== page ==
Almost half of The City’s public high school juniors are in danger of not graduating next year if they do not successfully complete the coursework under new San Francisco Unified School District requirements.
If students don’t comply with the standards by graduation time, they will have to return for a fifth year, move to a continuation high school or obtain a General Educational Development diploma through San Francisco City College or another institution.
In 2008, San Francisco’s Board of Education approved new graduation standards, known as “A-G requirements,” for math and second languages, among other subjects. The requirements were implemented in 2010, when today’s juniors entered high school. The new requirements were meant to meet the entrance criteria of the California State University and University of California systems — the A-G refers to the labeling used by the University of California to identify seven core subject areas.
But as many as 45 percent of high school juniors are currently missing one or more requirements, according to data discussed publicly last month. Consequently, only 2,216 of 4,024 current juniors are on track to graduate, that data showed. The remaining students were missing a variety of credits and course requirements, with at least 100 students missing most course requirements.
“These students have met the credits but not the graduation requirement, so that means they are not on track to graduate,” school board commissioner Sandra Lee Fewer said at last week’s meeting of the City and School Districts Select Committee. “And it means that every one of those students will need an opportunity to make up those credits or take those courses, or else they will not graduate.”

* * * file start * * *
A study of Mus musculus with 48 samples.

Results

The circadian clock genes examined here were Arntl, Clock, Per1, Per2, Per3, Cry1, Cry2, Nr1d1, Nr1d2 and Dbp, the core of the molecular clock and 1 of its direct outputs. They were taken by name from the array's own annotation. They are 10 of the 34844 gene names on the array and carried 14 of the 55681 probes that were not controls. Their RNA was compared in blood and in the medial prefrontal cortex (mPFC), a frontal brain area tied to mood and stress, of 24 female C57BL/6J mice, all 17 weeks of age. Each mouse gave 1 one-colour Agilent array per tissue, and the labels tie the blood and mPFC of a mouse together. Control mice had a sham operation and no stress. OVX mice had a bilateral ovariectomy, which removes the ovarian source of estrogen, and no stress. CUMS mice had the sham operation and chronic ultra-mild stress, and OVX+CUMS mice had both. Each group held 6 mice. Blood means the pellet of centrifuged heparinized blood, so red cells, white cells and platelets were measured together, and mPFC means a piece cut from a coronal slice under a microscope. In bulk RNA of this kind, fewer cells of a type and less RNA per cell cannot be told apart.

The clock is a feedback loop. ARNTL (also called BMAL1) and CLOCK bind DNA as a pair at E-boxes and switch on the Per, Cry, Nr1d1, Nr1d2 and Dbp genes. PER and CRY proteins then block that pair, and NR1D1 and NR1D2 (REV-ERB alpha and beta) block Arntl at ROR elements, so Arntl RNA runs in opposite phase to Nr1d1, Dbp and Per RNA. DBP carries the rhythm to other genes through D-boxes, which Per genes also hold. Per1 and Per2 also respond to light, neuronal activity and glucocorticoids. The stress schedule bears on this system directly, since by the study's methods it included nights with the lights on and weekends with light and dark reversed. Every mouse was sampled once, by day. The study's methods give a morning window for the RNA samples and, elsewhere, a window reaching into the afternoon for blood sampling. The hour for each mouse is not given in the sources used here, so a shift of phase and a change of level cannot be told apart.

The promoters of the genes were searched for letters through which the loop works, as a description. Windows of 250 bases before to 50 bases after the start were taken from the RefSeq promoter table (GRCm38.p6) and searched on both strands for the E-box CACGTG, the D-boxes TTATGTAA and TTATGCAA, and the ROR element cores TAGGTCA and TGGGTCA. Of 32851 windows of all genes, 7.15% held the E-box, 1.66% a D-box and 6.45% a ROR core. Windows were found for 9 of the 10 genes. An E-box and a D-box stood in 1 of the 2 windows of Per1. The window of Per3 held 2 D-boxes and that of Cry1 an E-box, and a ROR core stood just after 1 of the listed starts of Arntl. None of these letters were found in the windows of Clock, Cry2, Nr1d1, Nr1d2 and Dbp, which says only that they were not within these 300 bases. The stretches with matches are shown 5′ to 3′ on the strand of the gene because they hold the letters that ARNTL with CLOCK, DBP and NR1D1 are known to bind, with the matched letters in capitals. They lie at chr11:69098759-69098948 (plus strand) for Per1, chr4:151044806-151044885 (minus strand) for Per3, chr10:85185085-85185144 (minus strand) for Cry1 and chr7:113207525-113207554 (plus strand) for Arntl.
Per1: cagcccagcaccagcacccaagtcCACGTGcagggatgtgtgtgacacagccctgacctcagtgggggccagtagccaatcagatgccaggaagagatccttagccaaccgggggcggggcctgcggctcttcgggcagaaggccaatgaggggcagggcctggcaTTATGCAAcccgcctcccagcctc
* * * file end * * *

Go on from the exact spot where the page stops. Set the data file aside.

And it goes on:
In particular, large proportions of Latino and black students, as well as English-language learners, are not on track.
According to the data, only 84 of the 332 black juniors and 265 of 821 Latino juniors were on a path toward graduation. On the other hand, some 1,237 of 1,725 Chinese students were on track.
In response to this looming crisis, the district is looking at several ways to get students back on track, said Janet Schulze, assistant superintendent of high schools at the SFUSD. Options include night school this spring, summer school and in-school support to ensure as many students as possible meet the new standards and graduate on time. The support might involve partnerships with community-based organizations, Schulze said. In the meantime, at-risk students are working with counselors to create credit-recovery plans tailored to them.
Schulze noted that some students may not have had the opportunity to take some of their required courses. For example, missing any requirement such as physical education or a certain level of English could put a student off course. Budget and program cuts, including cuts to summer and after-school programs, also have hindered some students’ ability to make up courses they may have failed or not had an opportunity to take.
“We have to make sure we are expanding credit-recovery options,” Schulze told committee members. “When we increased graduation requirements, we had to cut centralized evening and summer school.”
To help the district provide such options, The City is considering giving it $2.7 million to pay for credit recovery during the spring semester. The City provided $3 million to help pay for summer school in 2012 and 2013. As many as 1,000 juniors signed up for summer courses as a result.
Yet Neva Walker, executive director of Coleman Advocates for Children & Youth, believes summer school is not the only answer.
“Some students have asked for a seventh period,” she said. “We’d prefer a teacher in the classroom, but we are also realizing time is against us; we need multiple strategies to get them graduated.”
Time is of the essence, Walker stressed.
“After this semester, then there are three semesters to get our students ready,” she said. “It’s not that we want the district to do poorly, it’s more that we want our young people to have academic success. But they have to have access.”
Although today’s focus is students who will graduate in 2014, officials say they are focused on making sure that future classes also have an opportunity to graduate. Data were not available for the classes of 2015 and 2016.
“We want to be sure students have info on the status and where they are with credit recovery,” Schulze said.